The Black Lives Matter Global Network is again promoting Black Xmas which, as more of a movement and less of a holiday, is centered around three pillars: Build Black, Buy Black and Bank Black.
Much of the chatter in the press covering Black Xmas sums up its organizers as calling for a “boycott” of “white companies,” but these stories are obfuscating the real message of this movement. Never mind the fact that the movement’s website doesn’t mention a boycott at all, at least one politician has called ties to the movement “anti-American.” Facts left out of these articles include the reality that as many as 40 percent of Black-owned businesses closed for good during the pandemic as federal relief efforts often failed to help this community.
The movement takes aim at “white-supremacist-capitalism.” For those who may be triggered by the term, take a step back and consider what’s happened to the manufacturing base in cities across the U.S., the financial industry’s contribution to the intergenerational wealth gap, and the treatment of frontline and essential workers during the pandemic. Meanwhile, many Black business owners felt alone in solving the challenges piling on their businesses, but were still determined to do what they could to contribute to their local communities.
Bottom line: More than an outright call for avoiding “white” companies, the #BlackXmas call is more focused on learning about Black-owned businesses in communities within the Los Angeles region and beyond. And in the end, the celebration is about giving back to the community. Considering Americans’ penchant to donating to good causes, the message behind Black Xmas is about as red-blooded American as it can get.
Prominently displayed among the resources on the Black Xmas website are cards that users can download and then pass on to loved ones urging them to contribute money to a cause instead of buying a gift. Also available are cards that can inform friends and family that instead of a gift, a donation was made in their honor instead.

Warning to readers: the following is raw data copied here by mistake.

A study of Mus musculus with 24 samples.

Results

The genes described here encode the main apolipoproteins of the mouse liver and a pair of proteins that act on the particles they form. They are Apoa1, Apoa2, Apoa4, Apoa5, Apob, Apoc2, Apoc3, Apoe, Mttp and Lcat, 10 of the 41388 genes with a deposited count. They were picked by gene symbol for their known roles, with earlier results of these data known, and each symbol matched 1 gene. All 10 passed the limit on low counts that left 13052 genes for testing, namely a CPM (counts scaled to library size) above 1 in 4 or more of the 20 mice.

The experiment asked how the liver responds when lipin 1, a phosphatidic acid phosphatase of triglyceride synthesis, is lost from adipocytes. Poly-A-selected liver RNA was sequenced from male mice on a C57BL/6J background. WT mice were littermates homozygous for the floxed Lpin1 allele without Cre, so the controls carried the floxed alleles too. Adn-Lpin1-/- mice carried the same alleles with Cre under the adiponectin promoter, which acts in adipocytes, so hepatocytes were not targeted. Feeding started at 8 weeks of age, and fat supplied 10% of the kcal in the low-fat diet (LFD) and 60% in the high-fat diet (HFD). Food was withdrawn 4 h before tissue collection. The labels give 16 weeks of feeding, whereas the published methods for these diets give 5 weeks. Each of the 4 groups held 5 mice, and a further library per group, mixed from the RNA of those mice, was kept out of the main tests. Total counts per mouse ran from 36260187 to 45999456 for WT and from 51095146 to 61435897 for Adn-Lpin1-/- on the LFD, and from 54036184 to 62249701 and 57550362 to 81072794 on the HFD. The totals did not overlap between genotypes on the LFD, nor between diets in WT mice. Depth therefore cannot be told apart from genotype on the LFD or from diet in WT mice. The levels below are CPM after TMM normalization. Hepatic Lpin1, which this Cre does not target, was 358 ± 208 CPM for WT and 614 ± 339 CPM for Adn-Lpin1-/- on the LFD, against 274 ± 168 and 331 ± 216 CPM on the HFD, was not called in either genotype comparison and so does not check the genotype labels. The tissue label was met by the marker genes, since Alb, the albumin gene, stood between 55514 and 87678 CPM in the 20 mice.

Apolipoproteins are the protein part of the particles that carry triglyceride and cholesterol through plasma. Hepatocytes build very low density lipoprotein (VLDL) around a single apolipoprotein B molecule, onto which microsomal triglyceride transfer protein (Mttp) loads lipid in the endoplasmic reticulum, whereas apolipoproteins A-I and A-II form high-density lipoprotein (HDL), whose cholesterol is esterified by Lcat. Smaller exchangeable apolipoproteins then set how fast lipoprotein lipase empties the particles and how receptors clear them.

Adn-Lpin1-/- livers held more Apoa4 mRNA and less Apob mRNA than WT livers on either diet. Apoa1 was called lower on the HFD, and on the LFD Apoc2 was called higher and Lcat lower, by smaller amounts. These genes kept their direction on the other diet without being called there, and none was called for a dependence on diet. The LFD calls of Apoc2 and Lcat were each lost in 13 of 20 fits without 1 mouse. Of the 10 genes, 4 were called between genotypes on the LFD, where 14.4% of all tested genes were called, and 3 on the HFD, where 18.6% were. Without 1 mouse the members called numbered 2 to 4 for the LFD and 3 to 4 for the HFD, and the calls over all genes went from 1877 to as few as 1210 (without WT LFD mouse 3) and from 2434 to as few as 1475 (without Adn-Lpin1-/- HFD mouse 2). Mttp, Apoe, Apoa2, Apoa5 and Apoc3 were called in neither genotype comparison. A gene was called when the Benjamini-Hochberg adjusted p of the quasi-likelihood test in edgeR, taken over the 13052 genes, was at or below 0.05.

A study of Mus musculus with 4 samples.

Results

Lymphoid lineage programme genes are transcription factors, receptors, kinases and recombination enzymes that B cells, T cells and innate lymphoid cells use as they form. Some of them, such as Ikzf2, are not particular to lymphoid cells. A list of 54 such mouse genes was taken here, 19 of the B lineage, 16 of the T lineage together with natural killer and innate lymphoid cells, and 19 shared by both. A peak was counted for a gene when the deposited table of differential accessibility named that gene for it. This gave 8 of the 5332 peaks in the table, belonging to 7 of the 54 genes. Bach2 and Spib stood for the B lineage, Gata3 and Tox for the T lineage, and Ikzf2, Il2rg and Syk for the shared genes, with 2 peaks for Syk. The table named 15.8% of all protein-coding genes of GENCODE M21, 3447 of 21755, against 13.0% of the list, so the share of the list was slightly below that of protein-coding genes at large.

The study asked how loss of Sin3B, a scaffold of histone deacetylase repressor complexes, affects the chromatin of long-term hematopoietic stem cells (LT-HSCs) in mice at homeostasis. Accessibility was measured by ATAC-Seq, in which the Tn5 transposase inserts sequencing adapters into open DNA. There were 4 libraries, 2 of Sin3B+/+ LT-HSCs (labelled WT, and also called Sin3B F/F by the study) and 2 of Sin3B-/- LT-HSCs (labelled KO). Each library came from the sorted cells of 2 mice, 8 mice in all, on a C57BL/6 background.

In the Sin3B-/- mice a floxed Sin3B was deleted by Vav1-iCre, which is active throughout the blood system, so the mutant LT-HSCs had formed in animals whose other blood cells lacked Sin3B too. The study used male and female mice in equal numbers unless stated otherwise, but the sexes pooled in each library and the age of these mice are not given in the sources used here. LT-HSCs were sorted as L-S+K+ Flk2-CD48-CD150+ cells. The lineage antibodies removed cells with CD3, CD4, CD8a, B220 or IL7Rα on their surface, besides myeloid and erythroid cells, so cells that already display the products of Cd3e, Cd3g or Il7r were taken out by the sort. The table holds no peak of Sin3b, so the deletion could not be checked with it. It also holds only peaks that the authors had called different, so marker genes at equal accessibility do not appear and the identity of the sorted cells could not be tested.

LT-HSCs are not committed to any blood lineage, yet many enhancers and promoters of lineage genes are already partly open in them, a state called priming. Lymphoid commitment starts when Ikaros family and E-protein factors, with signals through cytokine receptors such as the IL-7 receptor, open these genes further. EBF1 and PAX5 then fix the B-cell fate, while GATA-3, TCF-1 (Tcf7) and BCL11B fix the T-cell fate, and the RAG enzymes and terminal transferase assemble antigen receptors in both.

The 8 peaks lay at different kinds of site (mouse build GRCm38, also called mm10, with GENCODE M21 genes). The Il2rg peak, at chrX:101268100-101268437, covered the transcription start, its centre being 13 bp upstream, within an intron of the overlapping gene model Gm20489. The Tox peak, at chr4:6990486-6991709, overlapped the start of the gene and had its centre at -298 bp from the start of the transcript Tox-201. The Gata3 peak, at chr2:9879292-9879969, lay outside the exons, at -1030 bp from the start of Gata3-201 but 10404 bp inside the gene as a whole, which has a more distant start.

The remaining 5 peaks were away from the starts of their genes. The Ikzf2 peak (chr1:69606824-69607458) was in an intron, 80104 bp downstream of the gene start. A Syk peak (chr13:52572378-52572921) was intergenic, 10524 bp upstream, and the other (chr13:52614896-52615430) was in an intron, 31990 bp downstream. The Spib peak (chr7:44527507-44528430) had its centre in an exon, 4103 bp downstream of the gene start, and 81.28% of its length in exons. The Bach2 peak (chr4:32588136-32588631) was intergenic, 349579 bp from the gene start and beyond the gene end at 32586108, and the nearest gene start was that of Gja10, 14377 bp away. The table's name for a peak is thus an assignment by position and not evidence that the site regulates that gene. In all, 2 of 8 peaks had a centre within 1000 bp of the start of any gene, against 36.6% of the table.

“This is about building strong Black communities so that we can have a degree of autonomy and self-determination,” said Melina Abdulla, one of the founders of Black Xmas, during a recent interview. “When we think also about what Black-owned businesses do for the Black community, they — more than any other type of business — also create livable-wage jobs for other Black people.”
Image credits via Black Xmas website
Leon Kaye has written for 3p since 2010 and become executive editor in 2018. His previous work includes writing for the Guardian as well as other online and print publications. In addition, he's worked in sales executive roles within technology and financial research companies, as well as for a public relations firm, for which he consulted with one of the globe’s leading sustainability initiatives. Currently living in Central California, he’s traveled to 70-plus countries and has lived and worked in South Korea, the United Arab Emirates and Uruguay.
Leon’s an alum of Fresno State, the University of Maryland, Baltimore County and the University of Southern California's Marshall Business School. He enjoys traveling abroad as well as exploring California’s Central Coast and the Sierra Nevadas.